A few words here about red meat.
We have all heard for decades that red meat is unhealthy. The original recommendation by the medical community to reduce red meat consumption was based on the (now false) assumption that dietary animal fat was the chief cause of obesity, and heart disease. However, while it is now clear that animal fat (including the fat in beef) is actually healthy in small amounts, good studies continue to link regular consumption of red meat with increased risk of cardiovascular disease. Why?
Red meat is high in a particular compound called carnitine which is synthesized from two amino acids (methionine and lysine). Certain gut bacteria feed on carnitine producing a waste product which is turned into something called TMAO. Recent studies have shown that high levels of TMAO cause tiny puncture wounds form along the cells lining our arteries (the endothelium). These endothelial wounds are the initiating event for plaque formation (atherosclerosis). Humans and animals who eat red meat regularly have higher levels of TMAO which is directly associated with atherosclerosis and increased risk of heart attack.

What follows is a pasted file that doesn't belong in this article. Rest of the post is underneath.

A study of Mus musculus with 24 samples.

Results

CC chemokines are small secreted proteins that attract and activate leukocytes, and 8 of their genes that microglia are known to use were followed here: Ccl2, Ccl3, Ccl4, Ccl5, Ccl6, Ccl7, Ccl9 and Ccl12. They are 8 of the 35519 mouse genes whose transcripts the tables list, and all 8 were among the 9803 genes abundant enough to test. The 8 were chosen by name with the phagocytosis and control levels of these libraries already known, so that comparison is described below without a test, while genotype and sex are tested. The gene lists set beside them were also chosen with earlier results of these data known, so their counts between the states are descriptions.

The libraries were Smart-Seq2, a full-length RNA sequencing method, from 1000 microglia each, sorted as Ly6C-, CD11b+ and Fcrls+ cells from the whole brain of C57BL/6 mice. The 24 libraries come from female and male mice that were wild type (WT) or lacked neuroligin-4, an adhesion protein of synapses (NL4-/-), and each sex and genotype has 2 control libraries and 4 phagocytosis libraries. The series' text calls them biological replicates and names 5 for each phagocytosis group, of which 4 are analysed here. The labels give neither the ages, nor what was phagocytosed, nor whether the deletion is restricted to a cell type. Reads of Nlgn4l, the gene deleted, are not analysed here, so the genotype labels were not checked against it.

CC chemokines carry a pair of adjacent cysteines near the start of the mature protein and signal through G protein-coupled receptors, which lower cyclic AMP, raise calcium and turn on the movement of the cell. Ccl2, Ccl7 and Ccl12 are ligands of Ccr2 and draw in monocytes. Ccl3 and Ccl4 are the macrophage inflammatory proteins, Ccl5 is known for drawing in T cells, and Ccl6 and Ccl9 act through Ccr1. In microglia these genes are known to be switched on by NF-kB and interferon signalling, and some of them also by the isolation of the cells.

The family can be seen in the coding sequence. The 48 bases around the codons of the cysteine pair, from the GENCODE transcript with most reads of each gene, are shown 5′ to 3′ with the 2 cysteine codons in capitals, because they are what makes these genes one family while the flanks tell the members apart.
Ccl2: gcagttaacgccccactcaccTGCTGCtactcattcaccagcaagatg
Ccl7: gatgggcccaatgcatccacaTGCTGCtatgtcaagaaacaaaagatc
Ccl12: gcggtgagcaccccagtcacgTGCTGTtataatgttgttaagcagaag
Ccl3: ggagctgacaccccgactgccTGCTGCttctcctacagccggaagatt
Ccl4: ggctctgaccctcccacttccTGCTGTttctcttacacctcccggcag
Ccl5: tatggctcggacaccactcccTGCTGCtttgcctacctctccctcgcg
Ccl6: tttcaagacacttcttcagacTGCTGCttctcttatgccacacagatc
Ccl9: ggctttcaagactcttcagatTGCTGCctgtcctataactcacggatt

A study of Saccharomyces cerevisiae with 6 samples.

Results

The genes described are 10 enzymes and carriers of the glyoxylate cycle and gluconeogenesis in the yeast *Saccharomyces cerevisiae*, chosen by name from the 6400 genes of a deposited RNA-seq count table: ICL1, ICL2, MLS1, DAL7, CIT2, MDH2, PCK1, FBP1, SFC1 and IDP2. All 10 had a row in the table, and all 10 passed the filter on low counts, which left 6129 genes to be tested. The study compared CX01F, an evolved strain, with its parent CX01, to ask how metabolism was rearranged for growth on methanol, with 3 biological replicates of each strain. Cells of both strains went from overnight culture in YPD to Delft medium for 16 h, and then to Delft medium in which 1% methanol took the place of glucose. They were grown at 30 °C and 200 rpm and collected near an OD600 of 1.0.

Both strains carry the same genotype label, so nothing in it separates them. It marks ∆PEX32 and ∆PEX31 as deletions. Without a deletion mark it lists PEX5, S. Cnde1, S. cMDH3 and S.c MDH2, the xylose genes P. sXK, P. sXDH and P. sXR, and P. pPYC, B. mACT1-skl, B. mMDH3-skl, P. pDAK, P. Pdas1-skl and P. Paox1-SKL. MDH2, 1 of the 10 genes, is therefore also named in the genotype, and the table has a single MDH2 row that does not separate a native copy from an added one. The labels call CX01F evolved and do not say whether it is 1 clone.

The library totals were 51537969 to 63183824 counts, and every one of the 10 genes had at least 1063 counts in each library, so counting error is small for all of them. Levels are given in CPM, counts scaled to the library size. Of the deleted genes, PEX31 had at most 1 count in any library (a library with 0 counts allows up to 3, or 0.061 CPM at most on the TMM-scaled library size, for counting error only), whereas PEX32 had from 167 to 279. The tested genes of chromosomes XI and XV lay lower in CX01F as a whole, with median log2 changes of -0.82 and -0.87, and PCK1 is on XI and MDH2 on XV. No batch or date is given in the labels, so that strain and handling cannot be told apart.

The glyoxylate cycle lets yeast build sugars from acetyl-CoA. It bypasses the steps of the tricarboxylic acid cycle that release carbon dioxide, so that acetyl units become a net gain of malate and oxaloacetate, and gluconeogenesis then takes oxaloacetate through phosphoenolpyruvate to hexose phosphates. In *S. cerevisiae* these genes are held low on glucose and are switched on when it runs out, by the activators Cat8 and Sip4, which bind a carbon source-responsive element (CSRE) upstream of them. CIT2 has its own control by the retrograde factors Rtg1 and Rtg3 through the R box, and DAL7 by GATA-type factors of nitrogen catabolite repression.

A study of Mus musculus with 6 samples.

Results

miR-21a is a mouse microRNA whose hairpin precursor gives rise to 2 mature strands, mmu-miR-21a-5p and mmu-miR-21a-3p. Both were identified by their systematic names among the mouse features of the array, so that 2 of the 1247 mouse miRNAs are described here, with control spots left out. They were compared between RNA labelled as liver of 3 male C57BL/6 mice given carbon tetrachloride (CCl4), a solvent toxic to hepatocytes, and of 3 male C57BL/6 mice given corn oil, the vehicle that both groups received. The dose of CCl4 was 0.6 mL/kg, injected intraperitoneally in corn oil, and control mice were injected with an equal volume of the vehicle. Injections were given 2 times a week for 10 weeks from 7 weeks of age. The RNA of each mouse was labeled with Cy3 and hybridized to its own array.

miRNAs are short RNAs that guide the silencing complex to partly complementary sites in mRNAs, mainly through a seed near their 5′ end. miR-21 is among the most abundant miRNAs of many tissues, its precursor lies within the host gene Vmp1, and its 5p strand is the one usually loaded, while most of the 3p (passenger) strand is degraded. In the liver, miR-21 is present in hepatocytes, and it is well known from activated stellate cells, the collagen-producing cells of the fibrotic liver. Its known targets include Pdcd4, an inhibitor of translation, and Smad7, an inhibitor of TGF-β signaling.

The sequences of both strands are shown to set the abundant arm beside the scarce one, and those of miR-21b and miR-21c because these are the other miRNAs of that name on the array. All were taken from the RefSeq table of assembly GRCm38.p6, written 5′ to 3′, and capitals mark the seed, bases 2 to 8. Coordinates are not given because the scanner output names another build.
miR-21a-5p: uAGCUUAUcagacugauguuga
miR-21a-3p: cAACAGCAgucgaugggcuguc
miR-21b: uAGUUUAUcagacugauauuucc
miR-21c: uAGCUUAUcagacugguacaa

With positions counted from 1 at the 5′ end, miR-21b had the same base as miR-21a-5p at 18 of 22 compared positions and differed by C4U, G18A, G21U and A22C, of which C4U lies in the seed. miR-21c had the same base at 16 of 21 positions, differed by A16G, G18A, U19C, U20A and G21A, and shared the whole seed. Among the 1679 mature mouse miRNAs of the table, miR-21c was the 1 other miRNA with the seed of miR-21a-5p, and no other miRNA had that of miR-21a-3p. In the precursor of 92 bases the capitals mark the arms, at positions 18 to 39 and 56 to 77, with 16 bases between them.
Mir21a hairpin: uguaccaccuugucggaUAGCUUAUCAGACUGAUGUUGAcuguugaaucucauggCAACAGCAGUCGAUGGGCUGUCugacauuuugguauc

Should we avoid carnitine then? Not so fast. Carnitine is an essential compound used by all cells of the body for energy and for fatty acid metabolism. It helps muscles heal after injury and intense workouts. Carnitine plays a vital role in health. But like any healthy substance, too much of it can become a problem. Too much carnitine over time results in too much TMAO.
TMAO levels do not go up after eating red meat in people who only eat it occasionally. Vegans given meat/carnitine do not show a rise in TMAO levels because the bacteria which feed off of carnitine die off after prolonged periods without carnitine to sustain them. Animals fed a diet rich in carnitine over time show the same rises in TMAO and the same endothelial ulcers as do humans. However, if these animals are given bacteria-killing antibiotics prior to being fed carnitine, TMAO levels remain low, supporting the idea that gut bacteria are the source of the TMAO.
In a nutshell, certain gut bacteria feed on carnitine which leads to production of TMAO, which in turn damages our blood vessels. This is what makes regular consumption of red meat (the most potent source of carnitine) a risky dietary behavior.